Turkey wants Thailand to monitor opponents

Turkey wants Thailand to monitor opponents

President Recep Tayyip Erdogan (right) has been on the phone ordering Turkish diplomats to press other nations including to monitor activities by supporters of Fethullah Gulen, who lives in exile in the United States. (File photo)
President Recep Tayyip Erdogan (right) has been on the phone ordering Turkish diplomats to press other nations including to monitor activities by supporters of Fethullah Gulen, who lives in exile in the United States. (File photo)

The Thai government will play its part in preventing followers of religious leader Fethullah Gulen from conducting any illegal activity that could undermine the Turkish government, the Ministry of Foreign Affairs says.

Spokeswoman Busadee Santipitaks said the ministry is aware of the Turkish government's position on the Gulen group, which it accuses of being behind the failed coup bid on July 15 last year.

"As a matter of principle, Thailand will not allow the Gulenist movement to conduct any political activity deemed to undermine the Turkish government and which is in violation of Thai laws," she said. "We stand ready to cooperate with the Turkish government should there be sufficient evidence proven on any alleged activities conducted in Thailand," she said.

One year since the failed coup in her country, the Turkish ambassador to Thailand has joined her government in concluding the Gulen movement was behind the move and claims the movement has affiliations in Thailand.

Ambassador Akgun: Gulen was behind coup bid

"The coup was their last chance to seize power," said ambassador Evren Dagdelen Akgun, in a talk marking the coup, adding the Gulen group, which supports educational institutes in many countries, wants to take over the world.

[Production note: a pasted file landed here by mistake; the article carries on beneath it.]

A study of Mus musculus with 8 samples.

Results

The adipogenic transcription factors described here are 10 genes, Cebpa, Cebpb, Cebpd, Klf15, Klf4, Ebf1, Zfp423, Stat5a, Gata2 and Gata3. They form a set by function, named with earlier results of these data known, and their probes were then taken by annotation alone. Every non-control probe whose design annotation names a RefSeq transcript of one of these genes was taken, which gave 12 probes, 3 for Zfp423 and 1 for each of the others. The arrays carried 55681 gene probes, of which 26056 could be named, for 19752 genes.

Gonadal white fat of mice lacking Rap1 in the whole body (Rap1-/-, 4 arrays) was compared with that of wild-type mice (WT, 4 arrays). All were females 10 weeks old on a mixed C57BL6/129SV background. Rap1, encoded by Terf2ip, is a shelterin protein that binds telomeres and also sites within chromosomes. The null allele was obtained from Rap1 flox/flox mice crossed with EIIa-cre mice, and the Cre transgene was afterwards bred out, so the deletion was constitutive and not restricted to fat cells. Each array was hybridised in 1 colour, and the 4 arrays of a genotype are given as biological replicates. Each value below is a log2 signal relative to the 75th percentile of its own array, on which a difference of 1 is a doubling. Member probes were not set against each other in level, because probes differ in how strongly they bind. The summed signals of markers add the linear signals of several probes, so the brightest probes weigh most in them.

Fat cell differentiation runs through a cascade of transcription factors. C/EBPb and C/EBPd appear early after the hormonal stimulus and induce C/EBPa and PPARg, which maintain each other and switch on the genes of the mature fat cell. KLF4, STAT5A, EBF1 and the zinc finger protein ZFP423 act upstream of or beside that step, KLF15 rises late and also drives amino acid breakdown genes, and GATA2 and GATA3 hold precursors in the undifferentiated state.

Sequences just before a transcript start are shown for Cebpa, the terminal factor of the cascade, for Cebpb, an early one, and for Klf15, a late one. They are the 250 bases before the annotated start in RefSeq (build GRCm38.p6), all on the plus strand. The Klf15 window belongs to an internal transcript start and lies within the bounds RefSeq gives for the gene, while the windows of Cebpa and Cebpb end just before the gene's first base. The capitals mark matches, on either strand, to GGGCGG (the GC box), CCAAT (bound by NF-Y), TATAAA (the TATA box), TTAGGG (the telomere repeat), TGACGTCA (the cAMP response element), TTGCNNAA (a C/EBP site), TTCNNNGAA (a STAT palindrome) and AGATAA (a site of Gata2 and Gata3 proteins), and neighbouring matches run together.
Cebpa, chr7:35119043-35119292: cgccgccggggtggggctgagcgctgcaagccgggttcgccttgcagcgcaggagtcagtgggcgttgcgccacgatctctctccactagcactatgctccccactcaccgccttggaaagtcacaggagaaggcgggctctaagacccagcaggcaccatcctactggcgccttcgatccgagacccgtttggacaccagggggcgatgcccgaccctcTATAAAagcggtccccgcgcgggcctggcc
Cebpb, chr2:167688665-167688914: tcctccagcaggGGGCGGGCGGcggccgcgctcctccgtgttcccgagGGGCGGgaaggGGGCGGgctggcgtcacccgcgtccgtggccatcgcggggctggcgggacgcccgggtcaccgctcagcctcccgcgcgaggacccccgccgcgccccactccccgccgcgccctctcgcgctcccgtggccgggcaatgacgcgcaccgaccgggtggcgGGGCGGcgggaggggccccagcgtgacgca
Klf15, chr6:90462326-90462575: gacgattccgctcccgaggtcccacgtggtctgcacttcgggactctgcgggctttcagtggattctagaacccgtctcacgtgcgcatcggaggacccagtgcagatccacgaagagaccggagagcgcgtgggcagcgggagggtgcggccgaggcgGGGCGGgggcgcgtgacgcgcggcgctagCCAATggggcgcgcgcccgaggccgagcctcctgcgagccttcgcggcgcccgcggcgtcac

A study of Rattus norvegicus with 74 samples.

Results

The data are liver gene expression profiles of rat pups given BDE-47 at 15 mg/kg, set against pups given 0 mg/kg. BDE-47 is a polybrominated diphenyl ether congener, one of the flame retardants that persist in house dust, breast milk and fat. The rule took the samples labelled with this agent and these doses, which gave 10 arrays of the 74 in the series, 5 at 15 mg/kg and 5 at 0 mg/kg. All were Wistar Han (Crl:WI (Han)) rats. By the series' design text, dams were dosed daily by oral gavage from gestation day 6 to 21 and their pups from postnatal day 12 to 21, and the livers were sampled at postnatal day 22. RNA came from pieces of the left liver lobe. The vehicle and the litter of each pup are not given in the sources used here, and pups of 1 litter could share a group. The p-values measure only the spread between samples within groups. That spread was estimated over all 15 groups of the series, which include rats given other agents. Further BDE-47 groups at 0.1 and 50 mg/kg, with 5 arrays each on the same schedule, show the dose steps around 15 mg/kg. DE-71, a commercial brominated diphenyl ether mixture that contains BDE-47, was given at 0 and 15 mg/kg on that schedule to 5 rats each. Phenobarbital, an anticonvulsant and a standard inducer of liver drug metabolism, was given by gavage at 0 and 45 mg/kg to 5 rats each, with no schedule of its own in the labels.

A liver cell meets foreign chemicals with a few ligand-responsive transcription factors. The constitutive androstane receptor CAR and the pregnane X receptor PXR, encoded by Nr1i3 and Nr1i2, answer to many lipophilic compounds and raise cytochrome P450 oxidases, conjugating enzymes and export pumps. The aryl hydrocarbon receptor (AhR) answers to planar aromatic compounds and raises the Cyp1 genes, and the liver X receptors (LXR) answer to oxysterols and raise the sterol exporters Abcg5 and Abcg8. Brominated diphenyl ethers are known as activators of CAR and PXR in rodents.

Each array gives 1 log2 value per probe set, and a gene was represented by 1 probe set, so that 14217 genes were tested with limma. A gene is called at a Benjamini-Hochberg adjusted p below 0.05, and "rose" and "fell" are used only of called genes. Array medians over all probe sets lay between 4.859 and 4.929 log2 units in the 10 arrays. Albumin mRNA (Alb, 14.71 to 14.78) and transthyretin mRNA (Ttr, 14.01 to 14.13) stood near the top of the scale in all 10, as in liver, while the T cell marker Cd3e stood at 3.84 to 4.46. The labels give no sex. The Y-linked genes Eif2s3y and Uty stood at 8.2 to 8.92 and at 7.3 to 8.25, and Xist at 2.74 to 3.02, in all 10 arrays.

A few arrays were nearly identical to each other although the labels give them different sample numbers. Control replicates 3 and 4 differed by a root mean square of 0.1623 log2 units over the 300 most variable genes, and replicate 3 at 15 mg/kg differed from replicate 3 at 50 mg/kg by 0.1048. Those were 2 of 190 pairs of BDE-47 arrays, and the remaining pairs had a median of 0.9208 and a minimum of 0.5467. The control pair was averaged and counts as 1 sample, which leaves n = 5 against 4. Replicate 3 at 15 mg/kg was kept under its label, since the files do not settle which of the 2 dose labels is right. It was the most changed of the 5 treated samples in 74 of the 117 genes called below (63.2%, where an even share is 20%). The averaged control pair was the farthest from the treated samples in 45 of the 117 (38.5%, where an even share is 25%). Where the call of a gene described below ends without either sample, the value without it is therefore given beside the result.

"We [the Turkish government] had uncovered the criminal aspect of this [Gulen movement] organisation. We started to remove organisation members from their ranks in government offices. They were starting to lose power so they pressed the button."

The ambassador said the group is operating in 150 countries all over the world including Thailand. She claimed the group is a threat not only to Turkey but the international community as well.

However, the ambassador refused to elaborate on the group's presence in Thailand, saying her government is "trying to crack down on it".

Fethullah Gulen, the cleric founder of Gulen movement who live in Pennsylvania, the US, denies he was involved in the coup. Last year, the failed attempt to take over the government of President Recep Tayyip Erdogan accounted for over 250 casualties and more than 2,500 injuries.

It was carried out by a faction of Turkish Armed Forces who called themselves the Peace at Home Council. The Turkish government immediately claimed the faction is affiliated with the Gulen movement.

The Turkish government branded the movement an "international terrorist organisation" with the designated term "FETO -- Fetullah Gulen Terrorist Organisation". The Turkish ambassador also asserted the failed coup was in fact a terror attack.

A Turkish businessman living in Thailand, who asked not to be named, said the Turkish government accuses the Gulen movement of being behind the coup but the international community is still not convinced. "The UK and Germany rejected attempts by the Turkish government to brand the Gulen movement as a terrorist organisation," he said.

In the aftermath of the failed coup, over 30,000 people were removed from their jobs, persecuted, and jailed. Many media outlets argued the government used the opportunity to purge its opponents and enhance the president's power.